Breaking down barriers with Me and the Mosque

Breaking down barriers with Me and the Mosque

AT A time when Muslim interest in the media is largely relegated to playing the PR game, Canadian filmmaker Zarqa Nawaz rises above the stale PSAs stating in so many ways that “Islam means peace,” and instead gives the Muslim community something it really needs: a big whiff of its own dirty laundry.

Nawaz’s new documentary, Me and the Mosque, co-produced with the National Film Board of Canada, airs perhaps the dirtiest laundry in the basket – women’s prayer spaces in mosques. While her own mosque finds newer and harsher ways to isolate women (ultimately arriving at the one-sided mirror with a brick wall solution), Nawaz puts herself in front of the camera and takes a road trip to mosques across North America. The trip, she says, is meant to investigate why these instruments of segregation, or “barriers” as they are referred to in the film, are being put up in mosques.

But make no mistake, this is not investigative journalism. What Nawaz is really doing is making a case against the barrier by giving the purdah (veil) the Michael Moore treatment. She casts herself as a populist hero – an everyday, hard-working, Joe, or Joann in this case, who is a mother and lifelong Islamic activist. Then she sticks it to the man with a combination of intelligent talking heads, animation, stories of other regular sister folk, irreverent humor and a bias that lies just beneath the surface. A documentary with a bias? We can get into a discussion on the nature of documentary truth, but for now, let’s leave the faceless, fair and balanced material for the History Channel and take on something that channels passion into an articulate argument.

And that is what we get with Me and the Mosque, a cohesive argument that is not so much about the evils of barriers as it is about proving their unfounded existence. Although the film was produced by the National Film Board, it is clear that the target authence is the Muslim community. Nawaz proves that she knows her authence well, and is sincere in her approach by sticking to the subject and not broaching issues of greater controversy. The film manages to push beyond the barriers to get a glimpse of the bigger picture that false traditions have taken over popular conceptions of Islam. But it is just a glimpse; the film’s awkward 52 minute length (not quite a short, not quite a feature) makes it a little too short and sweet.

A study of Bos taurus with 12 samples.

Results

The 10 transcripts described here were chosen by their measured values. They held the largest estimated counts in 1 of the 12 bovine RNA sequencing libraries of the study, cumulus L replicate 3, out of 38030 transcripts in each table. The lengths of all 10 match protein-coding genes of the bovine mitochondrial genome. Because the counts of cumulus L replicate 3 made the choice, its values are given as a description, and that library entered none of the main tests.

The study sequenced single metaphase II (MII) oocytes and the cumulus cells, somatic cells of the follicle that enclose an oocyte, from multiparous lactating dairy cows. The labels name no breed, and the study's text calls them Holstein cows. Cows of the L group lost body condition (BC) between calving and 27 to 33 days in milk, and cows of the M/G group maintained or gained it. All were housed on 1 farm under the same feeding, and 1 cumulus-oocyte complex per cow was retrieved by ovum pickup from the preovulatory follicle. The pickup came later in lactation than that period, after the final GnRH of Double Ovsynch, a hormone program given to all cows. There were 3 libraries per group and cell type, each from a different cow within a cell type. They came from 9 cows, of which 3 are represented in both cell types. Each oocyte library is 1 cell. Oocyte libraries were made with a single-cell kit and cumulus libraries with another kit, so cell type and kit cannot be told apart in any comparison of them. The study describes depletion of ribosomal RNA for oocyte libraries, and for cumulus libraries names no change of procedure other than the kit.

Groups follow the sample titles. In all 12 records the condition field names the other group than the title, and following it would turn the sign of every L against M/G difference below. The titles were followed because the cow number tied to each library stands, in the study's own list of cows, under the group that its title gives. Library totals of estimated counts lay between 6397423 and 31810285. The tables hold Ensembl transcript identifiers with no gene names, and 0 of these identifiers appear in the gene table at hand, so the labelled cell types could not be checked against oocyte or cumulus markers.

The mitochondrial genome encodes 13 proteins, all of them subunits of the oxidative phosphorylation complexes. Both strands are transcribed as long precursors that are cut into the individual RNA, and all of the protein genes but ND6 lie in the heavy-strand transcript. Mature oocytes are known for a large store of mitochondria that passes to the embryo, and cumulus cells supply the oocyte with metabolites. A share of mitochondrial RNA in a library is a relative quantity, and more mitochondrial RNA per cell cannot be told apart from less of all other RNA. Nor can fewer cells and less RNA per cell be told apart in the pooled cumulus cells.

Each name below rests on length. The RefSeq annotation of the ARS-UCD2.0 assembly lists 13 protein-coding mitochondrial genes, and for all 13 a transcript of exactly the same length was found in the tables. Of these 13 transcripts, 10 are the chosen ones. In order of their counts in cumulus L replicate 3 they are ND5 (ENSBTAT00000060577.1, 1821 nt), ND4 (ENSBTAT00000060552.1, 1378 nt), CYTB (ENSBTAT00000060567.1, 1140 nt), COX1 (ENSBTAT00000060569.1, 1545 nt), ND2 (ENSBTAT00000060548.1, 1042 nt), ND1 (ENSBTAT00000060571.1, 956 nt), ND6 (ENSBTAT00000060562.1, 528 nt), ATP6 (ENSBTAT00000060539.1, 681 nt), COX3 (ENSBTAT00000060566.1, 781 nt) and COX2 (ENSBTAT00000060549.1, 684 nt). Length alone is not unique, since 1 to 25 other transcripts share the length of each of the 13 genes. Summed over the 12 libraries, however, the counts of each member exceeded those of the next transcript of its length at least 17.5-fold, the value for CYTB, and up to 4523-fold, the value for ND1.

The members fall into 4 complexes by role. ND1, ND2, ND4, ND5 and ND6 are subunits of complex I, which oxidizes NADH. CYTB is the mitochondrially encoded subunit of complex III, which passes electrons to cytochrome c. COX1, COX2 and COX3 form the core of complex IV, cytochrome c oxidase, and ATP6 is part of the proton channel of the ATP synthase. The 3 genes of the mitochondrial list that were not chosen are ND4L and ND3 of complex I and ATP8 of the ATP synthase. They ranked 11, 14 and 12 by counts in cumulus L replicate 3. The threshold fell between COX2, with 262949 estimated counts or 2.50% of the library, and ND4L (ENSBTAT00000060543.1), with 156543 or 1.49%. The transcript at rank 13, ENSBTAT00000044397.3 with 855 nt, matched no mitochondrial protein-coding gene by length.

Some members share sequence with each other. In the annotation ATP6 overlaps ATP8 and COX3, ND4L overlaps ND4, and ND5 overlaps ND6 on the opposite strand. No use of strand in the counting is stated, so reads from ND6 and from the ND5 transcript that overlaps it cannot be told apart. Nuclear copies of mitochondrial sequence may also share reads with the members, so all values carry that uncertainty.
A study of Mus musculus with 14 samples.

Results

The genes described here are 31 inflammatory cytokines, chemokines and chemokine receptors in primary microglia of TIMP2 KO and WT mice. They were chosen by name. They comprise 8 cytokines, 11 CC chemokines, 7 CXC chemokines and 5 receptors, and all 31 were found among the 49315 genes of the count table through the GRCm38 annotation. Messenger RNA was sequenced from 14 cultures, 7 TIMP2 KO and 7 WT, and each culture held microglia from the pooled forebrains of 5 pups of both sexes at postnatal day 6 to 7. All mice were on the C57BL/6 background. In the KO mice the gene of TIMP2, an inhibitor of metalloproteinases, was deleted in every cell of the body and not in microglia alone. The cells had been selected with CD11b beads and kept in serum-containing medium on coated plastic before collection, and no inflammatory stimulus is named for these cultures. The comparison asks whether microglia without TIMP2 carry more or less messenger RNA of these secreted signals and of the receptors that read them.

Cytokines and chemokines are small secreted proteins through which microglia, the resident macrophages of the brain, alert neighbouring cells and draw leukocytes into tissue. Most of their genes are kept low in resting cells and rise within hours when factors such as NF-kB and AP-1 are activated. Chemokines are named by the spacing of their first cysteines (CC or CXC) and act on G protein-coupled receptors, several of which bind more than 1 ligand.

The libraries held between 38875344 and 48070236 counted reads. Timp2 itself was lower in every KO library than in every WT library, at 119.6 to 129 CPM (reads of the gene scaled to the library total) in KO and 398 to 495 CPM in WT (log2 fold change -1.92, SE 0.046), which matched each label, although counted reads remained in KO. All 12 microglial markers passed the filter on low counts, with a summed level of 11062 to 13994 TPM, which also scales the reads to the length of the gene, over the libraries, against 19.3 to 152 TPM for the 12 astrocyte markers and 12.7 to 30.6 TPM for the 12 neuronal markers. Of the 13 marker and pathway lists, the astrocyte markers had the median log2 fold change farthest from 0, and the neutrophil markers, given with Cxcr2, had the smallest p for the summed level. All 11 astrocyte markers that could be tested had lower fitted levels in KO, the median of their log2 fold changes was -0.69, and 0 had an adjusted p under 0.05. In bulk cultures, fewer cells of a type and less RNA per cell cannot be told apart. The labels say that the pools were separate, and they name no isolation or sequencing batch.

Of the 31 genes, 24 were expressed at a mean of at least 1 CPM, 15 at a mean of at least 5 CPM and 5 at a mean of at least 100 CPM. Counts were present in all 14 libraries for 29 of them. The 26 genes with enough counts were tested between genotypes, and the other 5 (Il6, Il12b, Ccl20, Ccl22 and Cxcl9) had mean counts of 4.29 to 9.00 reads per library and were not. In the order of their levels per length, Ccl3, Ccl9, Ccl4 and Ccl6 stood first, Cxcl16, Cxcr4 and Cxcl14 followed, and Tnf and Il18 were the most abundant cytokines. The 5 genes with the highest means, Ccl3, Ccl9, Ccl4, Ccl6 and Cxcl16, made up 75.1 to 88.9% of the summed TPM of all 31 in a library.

Nawaz’s approach in reaching the Muslim community finds the right balance between making the emotional case and the factual one. In several interviews with women marginalized by barriers, Nawaz seeks to give a voice to their unheard stories. Their comments can be funny. The mother of a 17-year-old tells pubescent brothers engaged in barrier building, “If you find the sight of me arousing, you have problems I can’t help you with.” Their comments can also be angry. One woman who had pushed for a place to pray in her community’s new mosque sees the construction of a barrier and says, “This is just basically saying, ‘Shut up, we gave you your space.'” However, Me and the Mosque never quite captures the power of fright that Moore and Morgan Spurlock of Super Size Me use in making authences question gun control or consumer culture. The creation of baseless traditions that can become the basis for legal rulings in a major religion is grounds for a horror movie (maybe something like The Invasion of the Sunna S na t chers).

But Me and the Mosque covers itself with scholarly analysis for its hadith-hungry Muslim authence. The likes of ‘Umar Faruq Abd-Allah, ‘Abdullah Adhami and Tariq alSuwaidan all make appearances to place the barrier in context. The conclusion they drive home is that barriers were not found in the Prophet Muhammad’s Mosque, and therefore are not a legitimate tradition. Although they deliver the factual goods seriously, they are wisely played against some very amusing animation, which bring to life Islamic history and hadith in unexpectedly funny ways.

In a self-starring documentary, the director’s character can make or break the film. Nawaz’s presence is not as overbearing as Moore’s, but comes off with a real sense of sincerity and passion for her mission. Yet, at times, she places a little too much importance on being earnest, particularly in interviews with her family in which we hear her voice more than we should. In a scene with her mother, Nawaz starts out listening to her mother’s funny, matronly worries, but then ends up nagging her mother into agreement.

Nawaz’s intentions are clear. The film is not just a survey of women’s prayer space sob stories. It is a call to action. She ends the film with the Qur’anic verse that challenges us to change our condition by changing our hearts.

Although the filmmaking sometimes suffers, mostly from some strange cutting and an unsatisfying treatment of Nawaz’s own conflict within her mosque, Me and the Mosque is ultimately a success. Nawaz is able to take on an issue so personal yet honestly strive for dialogue rather than controversy as the film spells out its position with respect to the viewer. And that is no small feat. No matter which side of the barrier you stand on, Me and the Mosque should be seen and applauded – by all.